Clicker Training Basics For Your Dog

Clicker training is good for dog training and cat training

If you’re just starting to train your pet, you probably have encountered the term “clicker training”. Positive dog training owes much of its success over the years to clicker training, but what is this popular method, and how does it work?

Clicker training is one of the fastest ways to develop a shared language with your dog. Not only is it a rapid way of training your dog, it’s one of the best training methods for fearful or hypersensitive dogs. Basic obedience is important to keep your dog safe, protect him from injuries, and prevent him from getting lost. It’s also a fun way to bond with your dog, give him some exercise, and keep his mind sharp which prevents boredom and unwanted behaviors.

Leon Valley Veterinary Hospital explores this popular training method so you can learn the basics.

Clicker Training 101

You’ve probably heard a clicker in action at the park or elsewhere. Its a device that makes a clicking noise when pushed, and is small enough to comfortably fit in your hand. Dogs don’t intrinsically know what we want, so we have to mark their positive behavior. That’s what the clicker does – it lets the dog know when they’ve done something right.

How To Start Clicker Training

Grab a clicker to get started. Don’t forget to give your dog a nice long walk or a run before you begin any clicker training session, to burn off excess energy and make sure he’s able to concentrate on you.

Minimize distractions – choose a calm and relatively quiet place to start clicker training, so your dog can focus on you.

Be prepared – have your food pouch with training treats ready, and put your dog on a leash.

Clear purpose – have a specific training goal in mind, such as teaching the “down” command. Focus on one objective at a time.

Lure – elicit the behaviors you want. In the “down” command, lure your dog to lie down by holding a treat in your hand down on the floor between his front legs. You’ll find that your dog’s head goes down after the treat, and if you stay there, his body should follow until he’s lying down.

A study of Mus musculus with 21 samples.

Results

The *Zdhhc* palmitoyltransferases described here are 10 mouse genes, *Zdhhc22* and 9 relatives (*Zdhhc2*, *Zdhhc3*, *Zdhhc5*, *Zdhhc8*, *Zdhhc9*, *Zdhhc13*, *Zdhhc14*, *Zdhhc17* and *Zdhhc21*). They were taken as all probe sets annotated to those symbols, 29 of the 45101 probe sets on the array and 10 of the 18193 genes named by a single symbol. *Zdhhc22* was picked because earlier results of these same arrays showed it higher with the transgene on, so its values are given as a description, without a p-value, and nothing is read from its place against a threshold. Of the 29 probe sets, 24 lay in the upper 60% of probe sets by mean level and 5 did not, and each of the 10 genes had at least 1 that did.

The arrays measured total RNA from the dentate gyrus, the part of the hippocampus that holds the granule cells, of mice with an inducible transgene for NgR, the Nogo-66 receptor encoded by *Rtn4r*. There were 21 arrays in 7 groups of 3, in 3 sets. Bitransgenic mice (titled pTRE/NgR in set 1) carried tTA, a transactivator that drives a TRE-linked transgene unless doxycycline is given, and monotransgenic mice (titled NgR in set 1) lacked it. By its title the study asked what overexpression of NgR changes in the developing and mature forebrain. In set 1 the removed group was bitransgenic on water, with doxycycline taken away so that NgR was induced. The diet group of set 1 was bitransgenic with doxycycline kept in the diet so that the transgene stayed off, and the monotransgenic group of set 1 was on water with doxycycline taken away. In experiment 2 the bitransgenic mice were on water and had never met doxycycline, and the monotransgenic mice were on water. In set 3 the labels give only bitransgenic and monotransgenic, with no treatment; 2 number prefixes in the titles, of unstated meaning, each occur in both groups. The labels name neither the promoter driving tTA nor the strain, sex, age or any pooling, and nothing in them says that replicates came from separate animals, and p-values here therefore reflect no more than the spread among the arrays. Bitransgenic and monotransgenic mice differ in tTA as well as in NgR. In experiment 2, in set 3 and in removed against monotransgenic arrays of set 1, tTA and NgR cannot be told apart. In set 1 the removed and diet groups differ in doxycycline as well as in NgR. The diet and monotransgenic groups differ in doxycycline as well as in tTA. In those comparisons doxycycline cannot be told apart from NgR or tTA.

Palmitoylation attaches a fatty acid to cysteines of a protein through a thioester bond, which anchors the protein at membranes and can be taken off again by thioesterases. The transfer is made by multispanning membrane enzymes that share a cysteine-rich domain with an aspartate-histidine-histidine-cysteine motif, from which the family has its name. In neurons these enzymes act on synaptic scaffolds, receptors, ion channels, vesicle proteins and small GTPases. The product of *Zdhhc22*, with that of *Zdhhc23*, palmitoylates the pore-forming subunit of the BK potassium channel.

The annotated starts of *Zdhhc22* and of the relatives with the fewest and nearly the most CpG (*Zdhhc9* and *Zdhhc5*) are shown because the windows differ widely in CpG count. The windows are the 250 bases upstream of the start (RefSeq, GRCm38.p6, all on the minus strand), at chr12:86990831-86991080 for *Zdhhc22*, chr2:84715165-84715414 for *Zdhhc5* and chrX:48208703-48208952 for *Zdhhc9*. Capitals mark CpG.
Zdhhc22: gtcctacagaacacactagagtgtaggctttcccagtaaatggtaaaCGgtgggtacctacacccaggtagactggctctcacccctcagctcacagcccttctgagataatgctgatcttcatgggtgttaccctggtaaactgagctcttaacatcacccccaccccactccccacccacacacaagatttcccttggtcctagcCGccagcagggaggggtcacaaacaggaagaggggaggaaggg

Timing – click as soon as your dog gives you the desired response. Exact timing is important, so be ready. In the “down” command, this would be as soon as your dog’s chest hits the floor.

Reward – the click is a promise to your dog of a food reward. So give a treat every time you click.

Repeat – positive training takes lots of practice! Repeat the click and reward training until your dog is doing the action you want on cue.

Proofing – this is about having your dog follow his training commands even in distracting settings. Once he’s doing well in your living room, move to a more distracting setting. Keep adding distractions (other pets, a ball) until he’s able to perform the command even with other things going on nearby.

Basics – then, add other basic commands to his vocabulary, using the same method above.

Clickers For Training, Not Forever

Does this mean you’ll always have to use a clicker when your dog does a desirable behavior every time for the rest of her life? Not at all. Clicker training is a way to let your dog know that she’s done something right, but eventually you can phase out the clicker and just give the reward. A reward can be a treat, or a “good dog!” or – for some breeds – a ball or toy tossed in the air. Remember not to be too stingy with your rewards, or your dog may gradually lose interest in giving you the responses you want.

If you’re interested in learning more, there are clicker trainers in every community in the United States, so seek one out! If you need more information or have questions, please give us a call.